ESCALATING home prices in China may be making it an ever more expensive place to live, but pity the sick and elderly: It’s also becoming an increasingly less affordable place to die.
Grave prices have outpaced home prices in every one of the past three years, according to Fu Shou Yuan International Group Ltd., China’s largest publicly traded operator of cemeteries and funeral facilities. The cost of an average plot, roughly the size of half a yoga mat, has surged 41 percent since the first half of 2015 to 100,483 yuan ($14,800). A gauge of home prices in 70 Chinese cities advanced 23 percent over that period. Fu Shou Yuan filings showed that’s about 112,545 yuan per square meter in 2017—double the 56,196 yuan per sq m it costs to buy an apartment in the southern metropolis of Shenzhen, China’s most-expensive city.
“Supply is very limited,” said Hao Hong, a chief strategist at Bocom International Holdings Co. “We’ve heard about some people who bought flats in Shanghai to store cremains instead of expensive graves.”
Shanghai-based Fu Shou Yuan, whose name translates to “good fortune longevity garden,” sold 6,214 graves across China in the first six months of 2018 with the average unit price rising 7 percent year-on-year.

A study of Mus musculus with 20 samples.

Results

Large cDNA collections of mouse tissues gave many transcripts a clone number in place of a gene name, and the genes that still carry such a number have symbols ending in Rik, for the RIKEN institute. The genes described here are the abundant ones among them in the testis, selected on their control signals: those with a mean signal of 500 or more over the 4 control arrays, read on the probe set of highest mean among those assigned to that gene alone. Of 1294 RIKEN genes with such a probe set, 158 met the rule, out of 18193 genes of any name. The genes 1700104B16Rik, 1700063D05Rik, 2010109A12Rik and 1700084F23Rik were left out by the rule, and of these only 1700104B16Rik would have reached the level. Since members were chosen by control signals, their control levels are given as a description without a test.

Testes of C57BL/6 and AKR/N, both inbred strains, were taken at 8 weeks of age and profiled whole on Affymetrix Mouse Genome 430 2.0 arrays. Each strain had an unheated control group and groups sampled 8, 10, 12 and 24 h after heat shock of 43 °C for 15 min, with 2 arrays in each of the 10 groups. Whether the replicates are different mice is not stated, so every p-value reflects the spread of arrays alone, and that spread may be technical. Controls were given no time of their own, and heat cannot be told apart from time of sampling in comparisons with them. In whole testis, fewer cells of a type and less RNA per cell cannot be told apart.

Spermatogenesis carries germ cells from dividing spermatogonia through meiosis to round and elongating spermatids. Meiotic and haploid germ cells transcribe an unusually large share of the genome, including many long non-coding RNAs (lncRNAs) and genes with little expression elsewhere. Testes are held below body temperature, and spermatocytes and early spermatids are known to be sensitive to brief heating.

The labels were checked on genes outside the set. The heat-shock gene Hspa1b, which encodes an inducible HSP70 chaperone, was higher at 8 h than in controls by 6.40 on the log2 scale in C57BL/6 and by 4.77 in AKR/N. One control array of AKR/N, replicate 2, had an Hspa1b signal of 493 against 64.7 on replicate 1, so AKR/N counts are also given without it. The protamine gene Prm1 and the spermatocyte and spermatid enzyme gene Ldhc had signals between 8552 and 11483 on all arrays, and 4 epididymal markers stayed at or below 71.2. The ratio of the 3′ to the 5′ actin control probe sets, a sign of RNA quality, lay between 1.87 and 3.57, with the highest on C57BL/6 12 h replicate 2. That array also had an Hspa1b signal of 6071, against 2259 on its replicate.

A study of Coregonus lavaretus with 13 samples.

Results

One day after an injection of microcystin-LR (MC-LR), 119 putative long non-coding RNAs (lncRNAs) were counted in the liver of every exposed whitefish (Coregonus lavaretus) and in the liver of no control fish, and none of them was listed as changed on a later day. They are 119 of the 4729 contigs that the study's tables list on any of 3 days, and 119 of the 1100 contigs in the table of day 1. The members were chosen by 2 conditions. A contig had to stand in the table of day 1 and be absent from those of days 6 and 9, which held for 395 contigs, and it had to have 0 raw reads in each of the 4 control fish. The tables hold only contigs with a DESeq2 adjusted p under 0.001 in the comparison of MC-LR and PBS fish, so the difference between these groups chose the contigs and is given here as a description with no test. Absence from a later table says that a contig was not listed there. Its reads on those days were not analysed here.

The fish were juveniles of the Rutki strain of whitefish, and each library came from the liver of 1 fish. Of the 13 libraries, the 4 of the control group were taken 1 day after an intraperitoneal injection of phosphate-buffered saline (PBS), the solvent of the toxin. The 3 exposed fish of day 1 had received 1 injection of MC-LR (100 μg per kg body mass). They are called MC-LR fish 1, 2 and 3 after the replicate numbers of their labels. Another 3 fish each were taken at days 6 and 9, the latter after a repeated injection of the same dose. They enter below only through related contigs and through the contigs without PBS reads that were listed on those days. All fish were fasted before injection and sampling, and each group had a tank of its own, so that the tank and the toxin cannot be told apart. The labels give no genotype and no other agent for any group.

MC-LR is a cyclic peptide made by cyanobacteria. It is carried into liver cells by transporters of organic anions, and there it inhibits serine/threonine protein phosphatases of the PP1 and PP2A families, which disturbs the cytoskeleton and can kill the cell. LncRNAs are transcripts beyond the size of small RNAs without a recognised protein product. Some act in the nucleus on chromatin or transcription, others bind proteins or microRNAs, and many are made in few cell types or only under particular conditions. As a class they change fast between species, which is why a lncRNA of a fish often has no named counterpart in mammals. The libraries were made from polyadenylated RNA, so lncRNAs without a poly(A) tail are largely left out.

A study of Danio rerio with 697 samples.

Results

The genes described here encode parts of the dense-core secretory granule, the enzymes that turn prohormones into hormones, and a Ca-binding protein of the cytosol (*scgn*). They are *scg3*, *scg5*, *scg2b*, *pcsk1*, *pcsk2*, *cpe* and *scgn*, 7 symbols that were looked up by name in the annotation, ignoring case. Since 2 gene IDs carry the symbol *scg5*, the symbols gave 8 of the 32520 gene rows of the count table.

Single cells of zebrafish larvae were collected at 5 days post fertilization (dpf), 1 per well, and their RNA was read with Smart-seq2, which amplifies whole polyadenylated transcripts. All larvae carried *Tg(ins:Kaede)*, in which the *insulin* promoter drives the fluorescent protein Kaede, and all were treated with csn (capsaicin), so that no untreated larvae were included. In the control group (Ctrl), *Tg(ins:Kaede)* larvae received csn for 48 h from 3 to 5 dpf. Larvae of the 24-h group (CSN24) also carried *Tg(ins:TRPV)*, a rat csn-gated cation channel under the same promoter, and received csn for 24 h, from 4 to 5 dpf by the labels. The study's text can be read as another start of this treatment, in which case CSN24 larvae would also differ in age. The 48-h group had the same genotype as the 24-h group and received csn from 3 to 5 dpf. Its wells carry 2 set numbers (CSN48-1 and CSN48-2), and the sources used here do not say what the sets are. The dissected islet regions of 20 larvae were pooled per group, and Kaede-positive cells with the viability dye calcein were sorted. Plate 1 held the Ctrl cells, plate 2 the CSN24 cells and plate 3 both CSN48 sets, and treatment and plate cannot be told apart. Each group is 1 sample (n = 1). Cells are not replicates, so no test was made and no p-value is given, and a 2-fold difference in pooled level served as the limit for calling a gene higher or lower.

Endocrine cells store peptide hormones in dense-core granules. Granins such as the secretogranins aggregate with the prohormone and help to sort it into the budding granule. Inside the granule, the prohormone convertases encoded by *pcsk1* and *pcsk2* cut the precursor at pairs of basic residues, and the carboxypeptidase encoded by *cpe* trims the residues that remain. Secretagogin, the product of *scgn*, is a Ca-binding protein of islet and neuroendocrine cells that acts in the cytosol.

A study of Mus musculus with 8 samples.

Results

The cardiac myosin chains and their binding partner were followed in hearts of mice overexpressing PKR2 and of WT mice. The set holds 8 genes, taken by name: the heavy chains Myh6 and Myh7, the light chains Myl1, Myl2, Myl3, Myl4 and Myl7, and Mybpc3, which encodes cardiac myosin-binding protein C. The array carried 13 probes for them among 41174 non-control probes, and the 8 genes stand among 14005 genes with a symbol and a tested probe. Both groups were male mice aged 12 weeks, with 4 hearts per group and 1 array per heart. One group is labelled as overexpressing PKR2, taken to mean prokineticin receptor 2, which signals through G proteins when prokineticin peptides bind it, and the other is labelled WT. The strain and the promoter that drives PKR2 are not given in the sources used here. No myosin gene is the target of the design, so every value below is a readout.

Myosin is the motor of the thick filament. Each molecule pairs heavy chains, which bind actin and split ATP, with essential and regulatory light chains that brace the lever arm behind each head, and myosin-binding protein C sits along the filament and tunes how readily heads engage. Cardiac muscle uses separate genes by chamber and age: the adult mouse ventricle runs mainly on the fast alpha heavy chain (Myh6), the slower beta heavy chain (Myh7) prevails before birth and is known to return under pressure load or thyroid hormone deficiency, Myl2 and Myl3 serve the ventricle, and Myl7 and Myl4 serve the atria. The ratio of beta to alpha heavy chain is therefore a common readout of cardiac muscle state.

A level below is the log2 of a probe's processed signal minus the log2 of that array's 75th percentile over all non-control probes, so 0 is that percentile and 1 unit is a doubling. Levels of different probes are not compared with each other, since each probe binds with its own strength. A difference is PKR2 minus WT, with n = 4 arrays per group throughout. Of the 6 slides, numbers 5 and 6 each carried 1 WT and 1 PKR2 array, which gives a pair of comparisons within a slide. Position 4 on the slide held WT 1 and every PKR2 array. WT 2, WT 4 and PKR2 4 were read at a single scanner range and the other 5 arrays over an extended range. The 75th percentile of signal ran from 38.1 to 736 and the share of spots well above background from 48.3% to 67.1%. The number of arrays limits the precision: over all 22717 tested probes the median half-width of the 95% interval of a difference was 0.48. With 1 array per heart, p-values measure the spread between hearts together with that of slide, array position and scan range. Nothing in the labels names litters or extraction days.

Land that’s used for graves has so far escaped the long arm of China’s regulators, said Yan Yuejin, a property analyst at China Real Estate Information Corp. in Shanghai. “That’s partly fueled the soaring prices.”
Beijing has imposed various property curbs over the years in an attempt to cool the housing market but needs to ensure there isn’t a sudden decline in home prices that could harm the broader economy. By some estimates, real estate accounts (directly and indirectly) for as much as 30 percent of gross domestic product.
China’s so-called crude death rate – which refers to the number of deaths occurring throughout a year, per 1,000 population – was 7 in 2016, down from 25 in 1960, World Bank data show.